Turkey's founder Ataturk: a 'Yes' or 'No' voter?

Raziye Akkoc and Luana Sarmini-Buonaccorsi

Whenever Turkish President Recep Tayyip Erdogan has held a rally in the campaign for a new presidential system, a picture of a smartly-dressed man with a piercing gaze hangs next to his own giant portrait.

That is Turkey's founder Mustafa Kemal Ataturk -- who in 1923 created the modern Republic out of the ashes of the decayed Ottoman Empire.

Ataturk has since been regarded with near religious awe by many Turks as the saviour of the Turkish nation, an icon whose memory it remains a criminal offence to denigrate.

And although he died in 1938, Ataturk has emerged as a key player in the campaign for Sunday's referendum on whether to grant Erdogan greater powers.

Both government and opposition have squabbled over who is the true inheritor of Ataturk's legacy and whether modern Turkey's first president would have voted 'Yes' or 'No'.

For the opposition Republican People's Party (CHP), Erdogan is undermining the secular and democratic pillars of modern Turkey set up by Ataturk.

But for the president, he is continuing the legacy of the man whom he calls "Gazi (warrior) Mustafa Kemal" by creating a great Turkey that can stand up to foreign powers.

- 'Only one Ataturk' -

Kemal Kilicdaroglu, the leader of the CHP which Ataturk formed, told AFP the proposed system would be a move away from the founding father's ideals.

"If someone comes and takes democratic standards backwards, this would mean the start of a process against Ataturk's envisaged revolution," Kilicdaroglu said.

While Turkey is an overwhelmingly Muslim nation, Ataturk established secularism as its overriding principle and it is this legacy opponents accuse Erdogan of trying to undermine with a creeping Islamisation.

Under his rule, the government has lifted a ban on female students wearing the Islamic headscarf in the public sector and schools.

The government has also encouraged the opening of Imam Hatip schools which mix religious education with a modern curriculum.

Earlier this year, a new draft curriculum expected to begin in September came under heavy scrutiny after it was accused of removing references to Ataturk.

Gulsun Bilgehan, granddaughter of Ataturk's right-hand-man and successor as president Ismet Inonu, said the curriculum draft showed there were attacks on Ataturk's legacy.

Bilgehan argued Erdogan would "certainly have a place in history, as prime minister, as president of the Turkish Republic but among others," she said.

But the CHP MP added: "There will only be one Ataturk."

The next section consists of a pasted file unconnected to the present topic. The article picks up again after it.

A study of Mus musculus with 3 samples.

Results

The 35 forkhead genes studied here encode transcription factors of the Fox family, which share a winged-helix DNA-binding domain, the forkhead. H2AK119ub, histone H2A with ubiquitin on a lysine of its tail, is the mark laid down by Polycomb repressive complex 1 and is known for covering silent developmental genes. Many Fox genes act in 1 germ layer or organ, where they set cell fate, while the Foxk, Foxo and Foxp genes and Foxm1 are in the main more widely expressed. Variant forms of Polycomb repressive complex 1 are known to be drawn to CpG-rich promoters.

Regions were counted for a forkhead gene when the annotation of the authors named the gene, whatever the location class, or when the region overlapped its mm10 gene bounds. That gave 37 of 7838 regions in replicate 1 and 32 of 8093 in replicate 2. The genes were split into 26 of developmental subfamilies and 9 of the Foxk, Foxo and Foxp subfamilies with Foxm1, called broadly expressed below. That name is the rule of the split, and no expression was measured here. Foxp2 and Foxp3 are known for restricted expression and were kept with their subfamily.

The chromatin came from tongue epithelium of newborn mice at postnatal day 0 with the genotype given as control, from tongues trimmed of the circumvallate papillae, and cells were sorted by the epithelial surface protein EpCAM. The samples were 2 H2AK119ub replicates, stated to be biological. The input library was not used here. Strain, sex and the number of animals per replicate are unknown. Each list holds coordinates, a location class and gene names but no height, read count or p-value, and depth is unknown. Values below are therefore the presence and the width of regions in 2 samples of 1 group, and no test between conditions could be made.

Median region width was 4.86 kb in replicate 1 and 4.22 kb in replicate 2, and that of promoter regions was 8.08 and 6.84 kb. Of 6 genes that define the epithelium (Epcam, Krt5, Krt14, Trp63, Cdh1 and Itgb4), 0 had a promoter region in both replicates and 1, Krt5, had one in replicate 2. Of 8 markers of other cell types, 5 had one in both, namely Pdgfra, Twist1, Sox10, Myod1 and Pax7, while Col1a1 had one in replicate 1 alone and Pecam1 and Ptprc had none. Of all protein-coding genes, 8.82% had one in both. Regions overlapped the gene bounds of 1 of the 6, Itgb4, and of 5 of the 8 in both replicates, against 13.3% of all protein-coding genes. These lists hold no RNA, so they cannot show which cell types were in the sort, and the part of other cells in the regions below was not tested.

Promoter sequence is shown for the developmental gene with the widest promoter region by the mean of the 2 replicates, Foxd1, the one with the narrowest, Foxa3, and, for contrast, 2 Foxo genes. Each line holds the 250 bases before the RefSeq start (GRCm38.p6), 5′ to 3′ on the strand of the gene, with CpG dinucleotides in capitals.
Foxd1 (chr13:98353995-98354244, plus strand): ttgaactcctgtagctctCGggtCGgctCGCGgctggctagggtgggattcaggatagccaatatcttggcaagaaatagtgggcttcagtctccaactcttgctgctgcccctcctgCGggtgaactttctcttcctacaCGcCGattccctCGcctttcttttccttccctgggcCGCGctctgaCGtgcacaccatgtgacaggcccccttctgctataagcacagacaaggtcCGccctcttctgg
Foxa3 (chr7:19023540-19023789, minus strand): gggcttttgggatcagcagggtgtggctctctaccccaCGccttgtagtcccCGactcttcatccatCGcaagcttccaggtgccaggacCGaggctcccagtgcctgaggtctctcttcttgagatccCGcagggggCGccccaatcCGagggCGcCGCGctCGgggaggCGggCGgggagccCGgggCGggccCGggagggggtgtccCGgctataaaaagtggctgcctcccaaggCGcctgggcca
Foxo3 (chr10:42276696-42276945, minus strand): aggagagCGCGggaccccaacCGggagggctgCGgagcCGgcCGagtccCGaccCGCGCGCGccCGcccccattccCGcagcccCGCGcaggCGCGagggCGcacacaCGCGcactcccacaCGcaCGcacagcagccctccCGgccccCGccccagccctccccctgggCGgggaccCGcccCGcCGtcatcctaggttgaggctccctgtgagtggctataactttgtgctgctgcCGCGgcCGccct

Yusuf Tekin, education ministry undersecretary, insisted Ataturk remained important to the curriculum and children's education.

Tansel Colasan, chairwoman of the Kemalist Thought Association which seeks to defend the legacy of Ataturk, said the government wanted to create an anti-secular mentality through education.

"They want to erase the values of the republic including secularism, women's freedom, to remove the wisdom of Ataturk and Inonu," she added.

- 'Transform Turkey' -

But Erdogan angrily rejects charges he is ripping up Ataturk's legacy, saying Turkey's founder would have supported the presidential system.

One key change under the new constitution is that the president can be affiliated to a political party, just as Ataturk was to the CHP while he was president.

Last month, German daily Bild said Ataturk would have voted 'No' to the changes after a diplomatic row between Turkey and Europe over Turkish ministers banned from rallies.

But Erdogan responded by saying that Ataturk would have supported him: "What we want to do, Ataturk already did."

Some Western observers also note Ataturk's rule was far from a shining example of democracy, with significant limits on press freedom and political opposition.

For Jean-Francois Perouse, of the French Institute of Anatolian Studies, the "regime of Ataturk was authoritarian" and "the system under Ataturk should not be idealised".

Erdogan appears intent on carving a place in Turkish history that rivals that of Ataturk, and is set on being in power in 2023 when modern Turkey celebrates its 100th anniversary.

Ataturk's achievements were as far-ranging as changing the entire alphabet for the Turkish language from an Arabic system to a Latin script and ordering that all Turks -- including himself -- should have surnames.

Erdogan too, analysts say, sees himself similarly as a transformative leader of historic proportions.

"Erdogan now wants to amend the Turkish constitution so that he can become head of state, head of government and head of the ruling Justice and Development Party (AKP)," said Soner Cagaptay, author of the forthcoming book "The New Sultan".

"Just as Ataturk engineered Turkey’s sociopolitical landscape, Erdogan, too, wants to transform Turkey top-down, but as a deeply Muslim society," Cagaptay added.